Aggravated Trespass

Image credit: “Human Lives are not political pawns by John Englart (Takver) is licensed under CC BY-SA 2.0.

Aggravated Trespass is an offence under section 68 of the Criminal Justice and Public Order Act 1994. It can only be tried in the magistrates’ court and carries a maximum penalty of three months’ imprisonment.

A person commits the offence of aggravated trespass if he trespasses on land in the open air and, in relation to any lawful activity which persons are engaging in or are about to engage in on that or adjoining land in the open air, does there anything which is intended by him to have the effect—

(a) of intimidating those persons or any of them so as to deter them or any of them from engaging in that activity,

(b) of obstructing that activity, or

(c) of disrupting that activity.

In a recent ruling the High Court grappled with this important question, namely:

“Whether the Crown must prove that a defendant either knew or was reckless as to whether he or she is a trespasser?”

The court found the answer to be “no”, commenting:

“Trespass is a legal concept from the law of tort, the meaning of which is well-settled; and as is common ground, proof of the civil wrong requires no mental element. Parliament’s decision to use the word trespass when describing the offence of aggravated trespass and indeed when naming the offence is not conclusive, but there is no indication in the statutory language or from the context of the provision, that trespass should be given a different and novel meaning from the meaning it has had at common law for many centuries.

In short, had Parliament intended trespass to mean something different in section 68 from its meaning in the law of tort, it would have said so.”

The court rejected further arguments based on human rights considerations.

This offence is one of a large number that seeks to curtail public protest. In recent years there has been a marked increase in the number of protests with activists seeking inventive ways to get their message across to both the public and government. Public protest often causes inconvenience, and the government appears particularly determined to legislate further in order to regulate protester behaviour.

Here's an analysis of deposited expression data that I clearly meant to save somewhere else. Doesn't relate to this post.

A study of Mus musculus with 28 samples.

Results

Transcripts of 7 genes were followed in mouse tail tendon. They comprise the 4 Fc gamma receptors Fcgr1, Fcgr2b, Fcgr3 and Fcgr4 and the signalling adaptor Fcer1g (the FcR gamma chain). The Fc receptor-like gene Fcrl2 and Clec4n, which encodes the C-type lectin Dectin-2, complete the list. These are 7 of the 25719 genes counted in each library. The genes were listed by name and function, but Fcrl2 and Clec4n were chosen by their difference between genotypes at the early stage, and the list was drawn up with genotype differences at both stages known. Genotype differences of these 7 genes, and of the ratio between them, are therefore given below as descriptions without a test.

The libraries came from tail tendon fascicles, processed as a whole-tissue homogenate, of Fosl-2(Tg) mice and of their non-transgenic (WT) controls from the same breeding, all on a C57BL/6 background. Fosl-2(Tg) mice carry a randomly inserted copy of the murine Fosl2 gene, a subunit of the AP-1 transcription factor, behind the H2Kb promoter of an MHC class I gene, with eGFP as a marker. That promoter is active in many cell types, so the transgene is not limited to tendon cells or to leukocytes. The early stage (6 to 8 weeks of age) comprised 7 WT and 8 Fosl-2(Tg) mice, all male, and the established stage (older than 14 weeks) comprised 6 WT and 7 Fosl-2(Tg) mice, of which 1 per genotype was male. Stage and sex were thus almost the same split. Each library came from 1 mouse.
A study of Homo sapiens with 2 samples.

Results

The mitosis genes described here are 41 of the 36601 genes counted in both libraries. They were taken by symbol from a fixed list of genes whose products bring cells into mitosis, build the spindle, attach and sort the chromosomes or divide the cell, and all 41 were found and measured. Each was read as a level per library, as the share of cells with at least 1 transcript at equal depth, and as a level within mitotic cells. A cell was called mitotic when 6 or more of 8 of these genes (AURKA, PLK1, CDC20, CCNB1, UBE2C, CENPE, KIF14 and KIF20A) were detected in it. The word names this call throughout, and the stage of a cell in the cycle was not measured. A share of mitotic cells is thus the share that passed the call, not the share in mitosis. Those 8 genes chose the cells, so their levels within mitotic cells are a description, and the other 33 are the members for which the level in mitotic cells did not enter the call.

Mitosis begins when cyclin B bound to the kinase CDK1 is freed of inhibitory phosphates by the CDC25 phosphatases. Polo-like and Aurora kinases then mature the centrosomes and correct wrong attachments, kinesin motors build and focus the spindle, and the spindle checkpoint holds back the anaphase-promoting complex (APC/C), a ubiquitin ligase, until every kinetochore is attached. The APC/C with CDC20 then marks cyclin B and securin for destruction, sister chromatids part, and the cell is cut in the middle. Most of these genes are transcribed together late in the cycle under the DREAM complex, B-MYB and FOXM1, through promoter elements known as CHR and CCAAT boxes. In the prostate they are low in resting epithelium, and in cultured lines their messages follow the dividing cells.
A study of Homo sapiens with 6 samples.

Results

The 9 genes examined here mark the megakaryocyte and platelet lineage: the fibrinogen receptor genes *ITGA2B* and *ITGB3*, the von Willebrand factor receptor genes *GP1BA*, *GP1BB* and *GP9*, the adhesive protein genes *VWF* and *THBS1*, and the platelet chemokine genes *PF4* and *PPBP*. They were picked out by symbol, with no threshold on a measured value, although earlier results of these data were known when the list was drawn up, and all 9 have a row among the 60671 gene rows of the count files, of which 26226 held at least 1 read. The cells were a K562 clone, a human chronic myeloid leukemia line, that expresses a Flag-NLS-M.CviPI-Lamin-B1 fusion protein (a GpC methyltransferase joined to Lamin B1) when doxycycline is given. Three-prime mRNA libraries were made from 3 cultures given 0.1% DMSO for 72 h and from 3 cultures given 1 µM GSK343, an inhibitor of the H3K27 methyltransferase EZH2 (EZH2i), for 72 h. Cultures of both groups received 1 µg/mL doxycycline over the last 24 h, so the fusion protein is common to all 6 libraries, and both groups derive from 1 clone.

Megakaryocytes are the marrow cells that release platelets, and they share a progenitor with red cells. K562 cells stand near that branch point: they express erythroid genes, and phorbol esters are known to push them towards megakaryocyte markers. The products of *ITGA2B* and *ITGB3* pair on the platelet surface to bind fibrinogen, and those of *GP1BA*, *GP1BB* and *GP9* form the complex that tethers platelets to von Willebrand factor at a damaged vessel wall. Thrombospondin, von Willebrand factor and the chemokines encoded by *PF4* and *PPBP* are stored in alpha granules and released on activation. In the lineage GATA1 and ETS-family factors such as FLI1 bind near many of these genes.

Following recent protests on the M25 motorway, Home Secretary Suella Braverman has warned police they are losing the public’s confidence in their efforts to halt the Just Stop Oil protests as an officer was injured when the group brought the M25 to a halt for a third consecutive day.

The Home Secretary urged police chiefs to “step up” and take a “firmer line” against the protesters as she said there had also been a “loss in confidence” by police in their failure to make full use of their powers to crackdown on the protesters.

As a firm we continually monitor develops in this complex area of law and stand ready to assist anyone accused of, or facing prosecution for, offences of this type.

How can we help?

We ensure we keep up to date with any changes in legislation and case law so that we are always best placed to advise you properly. If you would like to discuss any aspect of your case, please contact any member of our vastly experienced Criminal Defence team, for assistance with any criminal law related matter.